MENLO PARK, Calif. – Facebook has redesigned its social network to address complaints that the News Feed on its website has turned into a jumble of monotonous musings and random photos.
With the makeover unveiled Thursday, Facebook CEO Mark Zuckerberg hopes to turn the News Feed into something more like a newspaper tailored to the particular interests of each of the social network’s more than 1 billion worldwide users.
Previous tweaks to the News Feed have triggered howls of protest among Facebook’s users. Hoping to minimize the grousing this time around, Facebook intends to roll out the changes in phases over about six months to a year, the company said.
The new features will include enabling users to choose streams of content that may feature nothing but photos or posts from their closest friends, family members or favorite businesses. Or they will be able to peruse content about music, or sports, as if they were grabbing a section of a newspaper.
By adding more personal touches, Facebook is acknowledging that the computer-generated formulas that it has been using to determine the content shown to each user have become less effective as the social circles within its network have widened to include a more diverse array of information.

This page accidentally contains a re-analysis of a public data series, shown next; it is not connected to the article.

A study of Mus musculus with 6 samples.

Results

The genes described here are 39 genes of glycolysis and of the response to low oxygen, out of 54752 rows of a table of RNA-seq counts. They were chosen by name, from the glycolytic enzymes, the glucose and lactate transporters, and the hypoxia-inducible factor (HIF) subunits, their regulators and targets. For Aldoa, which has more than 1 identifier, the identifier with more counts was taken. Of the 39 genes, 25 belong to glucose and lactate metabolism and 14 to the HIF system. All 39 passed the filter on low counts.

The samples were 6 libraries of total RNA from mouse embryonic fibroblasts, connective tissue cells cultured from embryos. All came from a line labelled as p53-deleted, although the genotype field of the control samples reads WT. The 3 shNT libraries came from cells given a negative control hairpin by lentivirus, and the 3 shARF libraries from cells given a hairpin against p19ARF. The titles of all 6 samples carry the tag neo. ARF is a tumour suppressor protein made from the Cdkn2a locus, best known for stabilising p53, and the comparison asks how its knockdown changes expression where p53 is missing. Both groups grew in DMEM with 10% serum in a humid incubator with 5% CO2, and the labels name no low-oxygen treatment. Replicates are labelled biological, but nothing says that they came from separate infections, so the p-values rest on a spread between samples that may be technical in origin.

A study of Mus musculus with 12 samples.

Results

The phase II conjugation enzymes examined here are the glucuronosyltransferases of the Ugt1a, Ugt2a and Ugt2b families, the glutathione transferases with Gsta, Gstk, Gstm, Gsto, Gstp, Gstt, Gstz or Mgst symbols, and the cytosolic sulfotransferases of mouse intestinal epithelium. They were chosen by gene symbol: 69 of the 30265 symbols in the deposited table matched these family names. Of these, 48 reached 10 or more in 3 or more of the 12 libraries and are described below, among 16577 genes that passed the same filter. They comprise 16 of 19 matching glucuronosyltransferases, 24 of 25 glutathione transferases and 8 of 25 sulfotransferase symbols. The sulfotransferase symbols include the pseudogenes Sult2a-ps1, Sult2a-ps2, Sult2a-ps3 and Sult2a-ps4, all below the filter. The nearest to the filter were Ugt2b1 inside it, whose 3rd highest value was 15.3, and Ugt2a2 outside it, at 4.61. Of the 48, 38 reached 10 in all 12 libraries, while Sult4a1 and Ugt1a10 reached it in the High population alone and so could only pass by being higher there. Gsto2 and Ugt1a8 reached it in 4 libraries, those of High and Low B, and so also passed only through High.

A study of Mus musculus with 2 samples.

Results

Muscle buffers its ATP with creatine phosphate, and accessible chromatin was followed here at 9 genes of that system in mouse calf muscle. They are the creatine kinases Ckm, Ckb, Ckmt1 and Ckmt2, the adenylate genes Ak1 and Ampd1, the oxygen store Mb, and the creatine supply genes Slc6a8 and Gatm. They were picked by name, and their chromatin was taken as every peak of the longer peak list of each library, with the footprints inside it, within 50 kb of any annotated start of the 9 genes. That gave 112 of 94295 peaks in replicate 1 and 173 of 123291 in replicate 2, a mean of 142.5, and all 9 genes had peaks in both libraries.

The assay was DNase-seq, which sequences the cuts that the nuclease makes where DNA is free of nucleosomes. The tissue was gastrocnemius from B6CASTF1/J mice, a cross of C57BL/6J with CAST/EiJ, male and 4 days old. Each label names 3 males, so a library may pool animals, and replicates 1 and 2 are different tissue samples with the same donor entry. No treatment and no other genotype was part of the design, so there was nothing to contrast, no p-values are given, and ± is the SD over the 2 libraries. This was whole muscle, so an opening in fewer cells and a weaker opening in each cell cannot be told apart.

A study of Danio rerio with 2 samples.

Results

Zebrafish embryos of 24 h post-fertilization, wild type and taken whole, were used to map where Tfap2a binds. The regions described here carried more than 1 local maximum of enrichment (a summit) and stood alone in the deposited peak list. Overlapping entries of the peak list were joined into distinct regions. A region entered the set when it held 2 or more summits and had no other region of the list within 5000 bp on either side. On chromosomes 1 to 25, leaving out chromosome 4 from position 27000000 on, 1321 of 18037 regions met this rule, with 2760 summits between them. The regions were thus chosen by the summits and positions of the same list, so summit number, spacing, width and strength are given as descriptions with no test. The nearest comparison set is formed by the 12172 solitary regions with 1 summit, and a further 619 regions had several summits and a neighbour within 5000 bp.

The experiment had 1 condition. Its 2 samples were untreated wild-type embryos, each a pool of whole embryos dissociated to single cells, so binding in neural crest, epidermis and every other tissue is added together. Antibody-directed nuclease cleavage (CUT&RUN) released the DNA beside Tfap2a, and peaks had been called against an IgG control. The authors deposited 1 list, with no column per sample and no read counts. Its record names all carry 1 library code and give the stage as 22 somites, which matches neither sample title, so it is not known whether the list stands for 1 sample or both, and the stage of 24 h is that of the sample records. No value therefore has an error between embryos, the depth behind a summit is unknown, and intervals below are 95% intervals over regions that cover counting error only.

Court to seize homes of pharmacy owners
SPRINGFIELD, Mass. – A bankruptcy court judge has ordered the homes of the owners of a Massachusetts pharmacy seized as they face lawsuits related to a nationwide meningitis outbreak.
The homes’ combined value was estimated at about $21 million at the time of the January order, filed with the court Wednesday.
The order doesn’t require the owners of the New England Compounding Center to vacate or sell the homes. That becomes an issue only after any judgment against them. The properties of Carla Conigliaro, Gregory Conigliaro and Lisa and Barry Cadden are located in Boston, Barnstable, Southborough and Wrentham.
Earlier filings show the owners have about $20 million in frozen bank and investment accounts.
An NECC-produced steroid has been linked to a fungal meningitis outbreak that’s killed 48.
February sales gains reportedly modest
NEW YORK – Retailers are reporting modest sales gains for February as consumers, uninspired by cool weather and worried about the economy, shopped cautiously for spring merchandise.
Overall, 15 retailers reported on Thursday that revenue at stores open at least a year – a key indicator of retail health – rose an average of 1.7 percent. That number comes from the International Council of Shopping Centers.
It is a sharp slowdown from the 4.5 percent pace in January when shoppers splurged on holiday clearances.
Economists closely monitor consumer spending because it accounts for more than 70 percent of economic activity.